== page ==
Last week, a Marine company from California arrived in the rugged outback of Helmand Province bearing novel equipment: portable solar panels that fold up into boxes; energy-conserving lights; solar tent shields that provide shade and electricity; solar chargers for computers and communications equipment.

The 150 Marines of Company I, Third Battalion, Fifth Marines, will be the first to take renewable technology into a battle zone, where the new equipment will replace diesel and kerosene-based fuels that would ordinarily generate power to run their encampment.

Even as Congress has struggled unsuccessfully to pass an energy bill and many states have put renewable energy on hold because of the recession, the military this year has pushed rapidly forward. After a decade of waging wars in remote corners of the globe where fuel is not readily available, senior commanders have come to see overdependence on fossil fuel as a big liability, and renewable technologies — which have become more reliable and less expensive over the past few years — as providing a potential answer. These new types of renewable energy now account for only a small percentage of the power used by the armed forces, but military leaders plan to rapidly expand their use over the next decade.

In Iraq and Afghanistan, the huge truck convoys that haul fuel to bases have been sitting ducks for enemy fighters — in the latest attack, oil tankers carrying fuel for NATO troops in Afghanistan were set on fire in Rawalpindi, Pakistan, early Monday. In Iraq and Afghanistan, one Army study found, for every 24 fuel convoys that set out, one soldier or civilian engaged in fuel transport was killed. In the past three months, six Marines have been wounded guarding fuel runs in Afghanistan.

“There are a lot of profound reasons for doing this, but for us at the core it’s practical,” said Ray Mabus, the Navy secretary and a former ambassador to Saudi Arabia, who has said he wants 50 percent of the power for the Navy and Marines to come from renewable energy sources by 2020. That figure includes energy for bases as well as fuel for cars and ships.

“Fossil fuel is the No. 1 thing we import to Afghanistan,” Mr. Mabus said, “and guarding that fuel is keeping the troops from doing what they were sent there to do, to fight or engage local people.”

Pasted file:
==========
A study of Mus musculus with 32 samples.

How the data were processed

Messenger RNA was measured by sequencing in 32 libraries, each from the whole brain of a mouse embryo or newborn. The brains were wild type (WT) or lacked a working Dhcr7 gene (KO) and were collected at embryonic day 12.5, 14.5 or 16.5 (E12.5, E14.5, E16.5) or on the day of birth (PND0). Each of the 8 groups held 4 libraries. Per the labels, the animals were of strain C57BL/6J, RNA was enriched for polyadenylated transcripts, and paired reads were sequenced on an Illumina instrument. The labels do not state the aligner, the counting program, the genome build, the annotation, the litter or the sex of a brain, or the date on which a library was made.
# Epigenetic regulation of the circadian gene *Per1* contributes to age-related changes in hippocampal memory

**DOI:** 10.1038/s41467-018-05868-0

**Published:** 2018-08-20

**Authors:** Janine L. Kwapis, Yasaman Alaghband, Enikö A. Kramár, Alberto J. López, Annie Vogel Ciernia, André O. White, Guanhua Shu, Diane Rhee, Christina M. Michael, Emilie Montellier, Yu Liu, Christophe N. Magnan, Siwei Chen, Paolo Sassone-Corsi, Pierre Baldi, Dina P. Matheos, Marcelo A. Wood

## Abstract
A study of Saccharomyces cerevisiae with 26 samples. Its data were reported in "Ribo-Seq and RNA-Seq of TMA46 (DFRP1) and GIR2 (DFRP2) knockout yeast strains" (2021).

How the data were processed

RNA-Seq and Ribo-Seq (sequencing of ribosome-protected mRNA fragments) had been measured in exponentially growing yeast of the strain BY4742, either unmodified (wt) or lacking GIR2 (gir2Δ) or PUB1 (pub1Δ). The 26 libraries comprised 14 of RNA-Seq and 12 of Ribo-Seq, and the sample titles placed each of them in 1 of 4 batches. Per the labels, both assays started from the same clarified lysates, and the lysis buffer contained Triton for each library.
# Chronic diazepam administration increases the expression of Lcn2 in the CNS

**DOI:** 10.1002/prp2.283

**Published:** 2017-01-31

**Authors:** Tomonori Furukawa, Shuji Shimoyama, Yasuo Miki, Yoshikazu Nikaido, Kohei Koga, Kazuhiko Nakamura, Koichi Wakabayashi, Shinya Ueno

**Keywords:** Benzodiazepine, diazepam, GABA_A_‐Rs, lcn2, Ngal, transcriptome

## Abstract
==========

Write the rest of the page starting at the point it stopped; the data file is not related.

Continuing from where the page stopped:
He and other experts also said that greater reliance on renewable energy improved national security, because fossil fuels often came from unstable regions and scarce supplies were a potential source of international conflict.

Fossil fuel accounts for 30 to 80 percent of the load in convoys into Afghanistan, bringing costs as well as risk. While the military buys gas for just over $1 a gallon, getting that gallon to some forward operating bases costs $400.

“We had a couple of tenuous supply lines across Pakistan that are costing us a heck of a lot, and they’re very dangerous,” said Gen. James T. Conway, the commandant of the Marine Corps.

Col. Robert Charette Jr., director of the Marine Corps Expeditionary Energy Office, said he was “cautiously optimistic” that Company I’s equipment would prove reliable and durable enough for military use, and that other Marine companies would be adopting renewable technology in the coming months, although there would probably always be a need to import fuel for some purposes.

While setting national energy policy requires Congressional debates, military leaders can simply order the adoption of renewable energy. And the military has the buying power to create products and markets. That, in turn, may make renewable energy more practical and affordable for everyday uses, experts say.

Last year, the Navy introduced its first hybrid vessel, a Wasp class amphibious assault ship called the U.S.S. Makin Island, which at speeds under 10 knots runs on electricity rather than on fossil fuel, a shift resulting in greater efficiency that saved 900,000 gallons of fuel on its maiden voyage from Mississippi to San Diego, compared with a conventional ship its size, the Navy said.

The Air Force will have its entire fleet certified to fly on biofuels by 2011 and has already flown test flights using a 50-50 mix of plant-based biofuel and jet fuel; the Navy took its first delivery of fuel made from algae this summer. Biofuels can in theory be produced wherever the raw materials, like plants, are available, and could ultimately be made near battlefields.

Concerns about the military’s dependence on fossil fuels in far-flung battlefields began in 2006 in Iraq, where Richard Zilmer, then a major general and the top American commander in western Iraq, sent an urgent cable to Washington suggesting that renewable technology could prevent loss of life. That request catalyzed new research, but the pressure for immediate results magnified as the military shifted its focus to Afghanistan, a country with little available native fossil fuel and scarce electricity outside cities.